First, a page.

Home Cosmetic Science Talk Formulating How do I thicken and mix essential oils

  • How do I thicken and mix essential oils

    Posted by Michaelv03 on August 20, 2016 at 11:12 pm

    I have been trying to find a way to thicken essential oils and create a stable mix of essential oils and a non-toxic thickening agent such as glycerine, basically creating a mix that does not separate at room temperature).

    I will use this mix for many different purposes, such as insect control and masking odors. The mixture I am trying to create is also supposed to be stable when it gets in contact with water.

    I tried this with real essential oils as well as D-Limonene.

    For example I tried mixing D-Limonene with glycerin. Regardless of how many parts glycerin or D-Limonene I used, without an emulsifying agent the two will of course not mix at all.

    I have had people recommend I use soap or detergent to emulsify it (does not work), nor did emulsifying wax (I would prefer not to have to use wax) and guar gum etc tends to separate and get clumpy in water.

    D-Limonene is a very light, ‘thin’ oily liquid. So glycerin seems like a good choice for thickening it but how can I get it to mix and ensure it remains a stable mixture without the need to shake it before use.

    If there is a better solution than glycerin to make this work, please let me know.

    I’d appreciate any and all help. I am a newbie, so please excuse my ignorance.

    Michaelv03 replied 7 years, 2 months ago 5 Members · 8 Replies
  • 8 Replies
  • belassi

    August 21, 2016 at 12:15 am

    First of all, I am glad to see if I can help because you have already gone to the trouble of experimenting with materials, rather than just asking to be spoon fed. As a result of your experiments you determined that glycerine and EOs don’t mix without an emulsifier, 100% correct.
    Glycerin is really not the right thing. It is polar; your oils are nonpolar. Therefore we need to be looking for an effective thickener for nonpolar solutions. (Any mix of oils is technically a solution). 
    Now, this is not really near my area of interest, and I have no experience with it myself, but from the literature, you might take a look at the sugar ester, Sucragel (you’d want the variety that comes without added oil):
    Sucragel from Alfa Chemicals, distributed by Impag, is a liquid emulsifier system of natural origin and is also a good thickener for all nonpolar lipids. The product range is based on sugar derivatives and makes the interesting properties of sugar esters available in a user-friendly form. Using Sucragel it is easy to produce highly viscous oily gels. It can convert almost any non-polar emollient into an oily gel.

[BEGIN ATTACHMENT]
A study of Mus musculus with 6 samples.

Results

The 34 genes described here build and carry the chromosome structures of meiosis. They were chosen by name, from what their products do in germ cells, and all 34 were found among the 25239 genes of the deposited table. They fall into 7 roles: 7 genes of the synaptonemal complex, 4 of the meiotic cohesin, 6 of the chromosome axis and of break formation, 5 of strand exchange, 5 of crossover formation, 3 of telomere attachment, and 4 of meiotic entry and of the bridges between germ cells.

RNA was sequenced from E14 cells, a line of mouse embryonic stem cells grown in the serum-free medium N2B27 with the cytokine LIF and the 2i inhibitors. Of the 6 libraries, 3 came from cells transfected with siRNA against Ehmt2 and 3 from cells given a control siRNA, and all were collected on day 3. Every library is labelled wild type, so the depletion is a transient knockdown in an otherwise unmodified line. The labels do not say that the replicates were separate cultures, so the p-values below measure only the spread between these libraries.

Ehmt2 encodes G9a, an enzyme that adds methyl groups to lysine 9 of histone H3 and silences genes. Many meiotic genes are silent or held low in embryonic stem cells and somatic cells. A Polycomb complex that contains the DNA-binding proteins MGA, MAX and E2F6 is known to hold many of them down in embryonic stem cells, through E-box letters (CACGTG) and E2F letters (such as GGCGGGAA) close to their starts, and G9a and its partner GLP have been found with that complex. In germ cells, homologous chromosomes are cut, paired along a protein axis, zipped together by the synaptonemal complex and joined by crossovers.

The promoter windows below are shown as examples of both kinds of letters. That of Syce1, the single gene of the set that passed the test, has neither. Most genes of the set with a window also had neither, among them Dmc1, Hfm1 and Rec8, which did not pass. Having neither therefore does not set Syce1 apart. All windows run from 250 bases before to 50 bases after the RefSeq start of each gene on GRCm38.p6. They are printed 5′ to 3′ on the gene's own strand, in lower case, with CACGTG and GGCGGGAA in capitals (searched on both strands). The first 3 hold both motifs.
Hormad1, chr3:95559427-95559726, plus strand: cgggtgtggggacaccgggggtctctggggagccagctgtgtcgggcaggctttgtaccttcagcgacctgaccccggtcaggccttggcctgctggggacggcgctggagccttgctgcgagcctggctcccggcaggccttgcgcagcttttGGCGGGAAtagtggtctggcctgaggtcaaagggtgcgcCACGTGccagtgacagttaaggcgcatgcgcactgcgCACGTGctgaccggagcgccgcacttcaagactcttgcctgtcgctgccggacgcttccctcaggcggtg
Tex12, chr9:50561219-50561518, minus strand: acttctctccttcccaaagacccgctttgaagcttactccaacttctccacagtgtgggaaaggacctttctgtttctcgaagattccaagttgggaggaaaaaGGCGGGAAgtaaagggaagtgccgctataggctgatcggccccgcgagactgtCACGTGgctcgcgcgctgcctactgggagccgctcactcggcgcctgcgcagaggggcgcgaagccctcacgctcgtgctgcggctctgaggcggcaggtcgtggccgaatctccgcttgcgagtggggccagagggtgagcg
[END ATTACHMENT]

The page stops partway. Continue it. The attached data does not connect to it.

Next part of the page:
• Michaelv03

    August 22, 2016 at 4:10 am

    Wow! Superb advice. Thank you so very much, Belassi.
    Yes, I have indeed been experimenting for quite some time before I even considered asking on a forum (I thought it was gonna be relatively easy mixing stuff together, ignorant me lol).
    Being a complete novice, I would have never even thought of the ‘polar vs non polar’ rule nor had I heard of Sucragel.
    I will definitely look into the Sucragel now though.
    Once again, I appreciate your help very much, thank you!!

  • Bobzchemist

    August 24, 2016 at 1:52 pm

    You might also want to look into using fumed silica.

  • Michaelv03

    August 27, 2016 at 2:05 am

    Hi Bobzchemist, thank you very much. 

  • Michaelv03

    September 13, 2016 at 8:38 am

    Hello again, I have tried Sucragel. While it is a great emulsifier, for my desired purposes it won’t work as it ‘falls apart’ when in contact with water.
    Now I am wondering if there is a way to mix an Essential oil (such as D-Limonene with a ‘filler’ oil such as Canola oil, as this would be an alternative approach for my project. Perhaps by heating the 2 oils. I have previously tried using alcohol or soaps to get the 2 oils to mix but it did not work. Any tips?
    The idea is to create a stable mix of these 2 oils that won’t need shaking, but will remain mixed at normal room temperature. In any case, I think I should also start a new thread on the forum regarding this question.
    Thanks again for all your kind help.

  • chemicalmatt

    September 13, 2016 at 5:20 pm

    D-Limonene is a terpene, canola, et.al are unsaturated triglyceride polar oils.  Try the wonderful Finsolv TN (C12-15 Alkyl Benzoate) to be miscible with the terpene FIRST, then add this cocktail to the canola oil. How many times must I ask it: what CAN’T Finsolv TN do?  If it doesn’t work here, then you are off to the miscible co-solvent land: dipropylene glycol, sorbitan oleate, etc., etc.  

  • David

    September 13, 2016 at 7:09 pm

    this could be an option. (haven’t tried it though)

  • Michaelv03

    September 13, 2016 at 11:51 pm

    Thank you, chemicalmatt and David! Will try the mentioned products!